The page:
Ageing Creatively with the National Gallery
Issued: November 2009
An innovative art project developed by the National Gallery is giving a group of stroke survivors the chance to get their creative juices flowing.
Ageing Creatively is an outreach programme that aims to make it possible for people who may be isolated, vulnerable or unable to visit the Gallery independently, to access and enjoy the collection.
During November, members of the Greenhill Aphasia Group will take part in four outreach workshops at the Greenhill Centre in Newham. Aphasia is a difficulty speaking or understanding speech, reading or writing. It occurs following damage to the brain and is most common after a stroke.
Participants will work with artist Viyki Turnbull to create still-life drawings and paintings.
For this project – titled 'The Real and Unreal' – the group will look at images of still-life paintings in the National Gallery’s permanent collection and will compare and contrast the different approaches that artists have taken.
Using acrylic paint on canvas, participants will experiment with techniques used by 17th-century painters and will explore how these artists used composition and tone to create ‘ideal’ and symbolic still-life paintings.
Participants will then move on to consider paintings made 250 years later and will experiment with techniques that emphasise the ‘real’ qualities of objects such as texture and weight.
There are many other Ageing Creatively projects planned for other parts of the UK over the coming months. This follows the success of similar projects delivered in Great Yarmouth and London last year.
National Gallery Outreach Officer, Emma Rehm, explained the motivation behind the project:
“Participatory projects which use art as their starting point bring clear benefits for people with disabilities in terms of physical stimulation, sociability, creativity and enjoyment, and this can have a positive effect on health and general well-being. Participants will be able to share their thoughts and use the National Gallery paintings as inspiration for their own work.”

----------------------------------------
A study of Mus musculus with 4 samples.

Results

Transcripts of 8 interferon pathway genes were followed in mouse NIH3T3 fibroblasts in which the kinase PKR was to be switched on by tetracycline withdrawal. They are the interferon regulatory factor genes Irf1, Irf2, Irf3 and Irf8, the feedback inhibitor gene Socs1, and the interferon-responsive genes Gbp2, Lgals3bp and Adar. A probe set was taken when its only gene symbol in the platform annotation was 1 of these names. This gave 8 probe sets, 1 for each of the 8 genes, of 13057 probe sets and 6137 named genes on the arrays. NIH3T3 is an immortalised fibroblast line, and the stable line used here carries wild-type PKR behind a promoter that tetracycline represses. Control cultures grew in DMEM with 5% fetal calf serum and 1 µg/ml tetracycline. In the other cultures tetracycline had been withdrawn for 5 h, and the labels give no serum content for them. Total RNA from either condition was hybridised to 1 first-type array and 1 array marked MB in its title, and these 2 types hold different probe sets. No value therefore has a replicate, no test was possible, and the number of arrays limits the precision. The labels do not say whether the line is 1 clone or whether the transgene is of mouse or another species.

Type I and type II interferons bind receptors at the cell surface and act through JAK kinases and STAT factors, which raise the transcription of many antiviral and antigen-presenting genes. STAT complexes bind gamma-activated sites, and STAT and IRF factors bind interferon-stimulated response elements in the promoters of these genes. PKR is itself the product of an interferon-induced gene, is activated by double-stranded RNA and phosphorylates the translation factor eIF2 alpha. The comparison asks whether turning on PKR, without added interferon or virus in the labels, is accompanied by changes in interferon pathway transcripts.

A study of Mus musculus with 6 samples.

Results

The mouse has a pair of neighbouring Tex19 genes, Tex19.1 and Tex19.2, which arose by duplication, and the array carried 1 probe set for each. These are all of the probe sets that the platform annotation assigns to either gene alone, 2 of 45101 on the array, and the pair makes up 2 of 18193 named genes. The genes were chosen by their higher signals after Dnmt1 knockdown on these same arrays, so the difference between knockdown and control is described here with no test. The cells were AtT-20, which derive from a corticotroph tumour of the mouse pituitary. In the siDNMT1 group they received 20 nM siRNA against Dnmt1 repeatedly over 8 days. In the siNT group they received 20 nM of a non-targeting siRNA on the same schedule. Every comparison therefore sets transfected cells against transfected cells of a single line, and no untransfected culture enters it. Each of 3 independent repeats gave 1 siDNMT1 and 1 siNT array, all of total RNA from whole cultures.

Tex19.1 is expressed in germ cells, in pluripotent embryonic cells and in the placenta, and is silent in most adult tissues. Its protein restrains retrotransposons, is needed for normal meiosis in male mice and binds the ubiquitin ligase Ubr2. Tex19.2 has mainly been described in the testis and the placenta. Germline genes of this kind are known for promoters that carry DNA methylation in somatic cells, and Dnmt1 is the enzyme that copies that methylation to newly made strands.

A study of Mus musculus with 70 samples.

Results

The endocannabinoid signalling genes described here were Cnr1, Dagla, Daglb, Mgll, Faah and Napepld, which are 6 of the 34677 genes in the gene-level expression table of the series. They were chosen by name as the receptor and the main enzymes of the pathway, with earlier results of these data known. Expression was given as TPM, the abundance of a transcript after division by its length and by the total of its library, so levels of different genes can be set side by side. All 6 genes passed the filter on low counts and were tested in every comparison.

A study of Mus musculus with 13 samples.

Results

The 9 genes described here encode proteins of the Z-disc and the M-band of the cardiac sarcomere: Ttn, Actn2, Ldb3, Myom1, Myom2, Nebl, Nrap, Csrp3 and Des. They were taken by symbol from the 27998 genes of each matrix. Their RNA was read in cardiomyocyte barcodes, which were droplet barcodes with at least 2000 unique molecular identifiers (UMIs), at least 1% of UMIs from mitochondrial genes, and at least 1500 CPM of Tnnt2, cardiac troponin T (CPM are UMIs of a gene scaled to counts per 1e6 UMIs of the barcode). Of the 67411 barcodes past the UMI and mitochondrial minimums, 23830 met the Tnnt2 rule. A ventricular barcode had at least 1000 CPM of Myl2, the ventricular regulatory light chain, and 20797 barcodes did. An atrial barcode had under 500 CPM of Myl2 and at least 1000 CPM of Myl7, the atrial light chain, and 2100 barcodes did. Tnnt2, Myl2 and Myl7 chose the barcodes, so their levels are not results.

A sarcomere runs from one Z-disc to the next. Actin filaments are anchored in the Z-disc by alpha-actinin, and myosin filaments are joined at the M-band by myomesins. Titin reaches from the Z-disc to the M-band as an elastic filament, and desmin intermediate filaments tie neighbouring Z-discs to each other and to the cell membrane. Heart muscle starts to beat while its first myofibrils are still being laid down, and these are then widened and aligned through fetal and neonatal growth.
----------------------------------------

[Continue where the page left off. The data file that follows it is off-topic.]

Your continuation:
Newham Council’s Executive Member for Health, Councillor Clive Furness, said:
“When people suffer a serious or debilitating condition, there is the fear that their useful and creative life is at an end. Projects like this enable people to discover and develop new skills, and to do so in the company of a group of friends.
“Newham Council is committed to giving all residents the best opportunities to lead active and engaging lives and this is an excellent example of the use of art to stimulate and encourage people who suffer with aphasia.”
As part of its wider strategic objective to provide access to the collection, the National Gallery is committed to finding imaginative and illuminating ways to nurture interest in its collection among a wide and diverse public.
The Gallery’s outreach programme plays an intrinsic role in delivering this objective. Outreach projects are targeted at key community groups and are designed to creatively engage audiences who may encounter physical, emotional and intellectual barriers to accessing the collection through other educational provision.
By offering a range of interactive outreach projects, the Gallery seeks to ensure that people who may have traditionally felt excluded are encouraged to experience and respond to the National Gallery Collection.
Through its outreach programme the Gallery has developed partnerships with both London-based and regional community groups, and broadly aims to support social and cultural inclusion for people of all ages from a diverse range of backgrounds.
All projects take as their starting point close observation and discussion of paintings from the National Gallery’s collection. The scope and theme of each project is tailored to the specific needs and interests of each participant group.
Projects are delivered by freelance artists and lecturers, and workshops take place either in the Gallery or at a range of offsite venues. These projects provide opportunities for participants to build knowledge, learn new practical and interpersonal skills, develop confidence and explore their own creativity.
The National Gallery is committed to maintaining and developing sustainable outreach programmes as we believe that everyone – regardless of age or background – is entitled to experience, enjoy and be inspired by the paintings in the collection.